As we near the arrival of whales into our northern Great Barrier Reef waters, Great Barrier Reef Legacy wants you to help make each and every whale sighting count.

Great Barrier Reef Legacy wants YOU to get involved as part of their vital Reef Citizen Science projects.

As we near the arrival of whales into our northern Great Barrier Reef waters, Great Barrier Reef Legacy (GBRL) wants you to help make each and every whale sighting count.

Despite Humpback whales being one of the iconic visitors to the Reef, we still know relatively little about their movements.

This year, GBRL would like to change that and invite you to join them, in their efforts to better understand these magnificent creatures.

GBRL are tapping into existing citizen science projects, @happywhale_official and @eyeonthereef, in order to track these whales along the coast, with Happy Whale assisting to identify individuals.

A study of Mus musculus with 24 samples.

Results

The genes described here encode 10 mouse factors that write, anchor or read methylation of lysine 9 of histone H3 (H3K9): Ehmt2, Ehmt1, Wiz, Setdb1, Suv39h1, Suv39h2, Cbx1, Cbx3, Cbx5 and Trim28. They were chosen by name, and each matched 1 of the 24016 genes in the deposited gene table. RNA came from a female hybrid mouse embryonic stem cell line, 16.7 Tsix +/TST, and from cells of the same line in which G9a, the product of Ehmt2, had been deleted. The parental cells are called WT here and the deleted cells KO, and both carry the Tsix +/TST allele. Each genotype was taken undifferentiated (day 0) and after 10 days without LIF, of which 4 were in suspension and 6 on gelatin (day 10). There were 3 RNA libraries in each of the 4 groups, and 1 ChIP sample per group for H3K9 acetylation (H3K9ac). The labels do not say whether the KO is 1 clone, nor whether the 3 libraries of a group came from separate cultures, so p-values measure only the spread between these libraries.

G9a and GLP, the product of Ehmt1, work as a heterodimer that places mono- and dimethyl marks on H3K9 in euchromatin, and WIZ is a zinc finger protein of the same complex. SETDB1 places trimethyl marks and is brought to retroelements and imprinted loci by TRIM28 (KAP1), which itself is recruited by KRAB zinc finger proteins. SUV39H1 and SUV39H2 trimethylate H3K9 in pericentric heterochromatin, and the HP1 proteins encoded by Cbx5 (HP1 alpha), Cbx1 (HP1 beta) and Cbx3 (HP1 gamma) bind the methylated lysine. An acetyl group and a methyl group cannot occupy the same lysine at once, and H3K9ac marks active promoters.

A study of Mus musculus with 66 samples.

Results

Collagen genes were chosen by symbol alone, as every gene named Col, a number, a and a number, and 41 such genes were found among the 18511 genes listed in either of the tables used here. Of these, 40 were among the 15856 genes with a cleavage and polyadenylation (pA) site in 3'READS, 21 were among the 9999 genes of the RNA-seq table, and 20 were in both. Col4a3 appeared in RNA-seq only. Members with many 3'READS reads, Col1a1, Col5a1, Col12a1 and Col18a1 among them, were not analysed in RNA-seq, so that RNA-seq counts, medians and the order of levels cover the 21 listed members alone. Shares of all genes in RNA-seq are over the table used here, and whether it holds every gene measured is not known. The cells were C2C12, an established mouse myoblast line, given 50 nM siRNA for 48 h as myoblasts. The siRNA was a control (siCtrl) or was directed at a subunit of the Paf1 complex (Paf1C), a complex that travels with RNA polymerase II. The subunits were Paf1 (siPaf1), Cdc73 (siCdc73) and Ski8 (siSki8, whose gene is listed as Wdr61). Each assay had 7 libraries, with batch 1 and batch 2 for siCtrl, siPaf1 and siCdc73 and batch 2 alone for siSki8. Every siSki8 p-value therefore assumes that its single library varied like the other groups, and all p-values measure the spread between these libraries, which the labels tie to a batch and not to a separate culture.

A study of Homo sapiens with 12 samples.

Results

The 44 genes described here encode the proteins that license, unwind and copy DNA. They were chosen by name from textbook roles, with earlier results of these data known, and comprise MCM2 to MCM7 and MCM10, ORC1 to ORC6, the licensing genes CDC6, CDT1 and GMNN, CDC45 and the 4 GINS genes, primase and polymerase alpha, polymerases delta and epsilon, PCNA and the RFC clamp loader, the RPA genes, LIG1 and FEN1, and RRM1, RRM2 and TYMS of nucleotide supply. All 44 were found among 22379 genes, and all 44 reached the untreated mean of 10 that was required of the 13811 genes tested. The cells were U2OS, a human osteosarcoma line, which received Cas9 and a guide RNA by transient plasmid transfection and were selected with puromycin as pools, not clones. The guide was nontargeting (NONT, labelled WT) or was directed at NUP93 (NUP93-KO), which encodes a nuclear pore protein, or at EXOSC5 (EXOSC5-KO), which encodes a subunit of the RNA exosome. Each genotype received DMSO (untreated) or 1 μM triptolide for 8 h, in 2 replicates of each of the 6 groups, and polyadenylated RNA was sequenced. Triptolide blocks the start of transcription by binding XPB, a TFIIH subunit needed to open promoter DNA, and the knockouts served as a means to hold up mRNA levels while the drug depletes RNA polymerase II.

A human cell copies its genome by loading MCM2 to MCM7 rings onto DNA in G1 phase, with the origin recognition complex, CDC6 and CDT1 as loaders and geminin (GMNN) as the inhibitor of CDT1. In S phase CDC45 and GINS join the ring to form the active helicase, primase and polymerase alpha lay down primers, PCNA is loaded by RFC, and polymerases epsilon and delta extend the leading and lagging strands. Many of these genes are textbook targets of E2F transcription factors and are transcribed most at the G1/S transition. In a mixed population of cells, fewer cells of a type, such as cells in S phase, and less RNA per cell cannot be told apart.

Over time, they will be able to create a database of whales visiting our region.

The Eye on the Reef monitoring and assessment program enables anyone who visits the Great Barrier Reef to contribute to its long-term protection by collecting valuable information about reef health, marine animals and incidents that is used to understand the bigger picture and inform how we manage the Reef.

There’s a number of ways to get involved and everyone’s contribution is welcomed — whether you’re a regular day tripper, tourist on their first visit, fisher, Marine Park ranger, marine tourism staff or marine scientist.

Getting involved is as easy as:

  • download the Eye on The Reef App
  • when you sight a whale, record it in the App and screenshot the coordinates
  • try to get a photo of the tail fluke, to help identify and track individuals-but all photos are useful!
  • when back on land, either upload your sightings directly to Happywhale, or send them to GBRL at whales@gbrlegacy.org, and they will upload for you.
  • name your files so they can match the photos with the coordinates.
  • follow all whale watching guidelines and regulations.

Amplifying Citizen Science is a collaboration with the Queensland University of Technology and supported by local reef operator Calypso Reef Cruises. Funding for this project is provided by the Australian Government’s Reef Trust in partnership with Great Barrier Reef Foundation.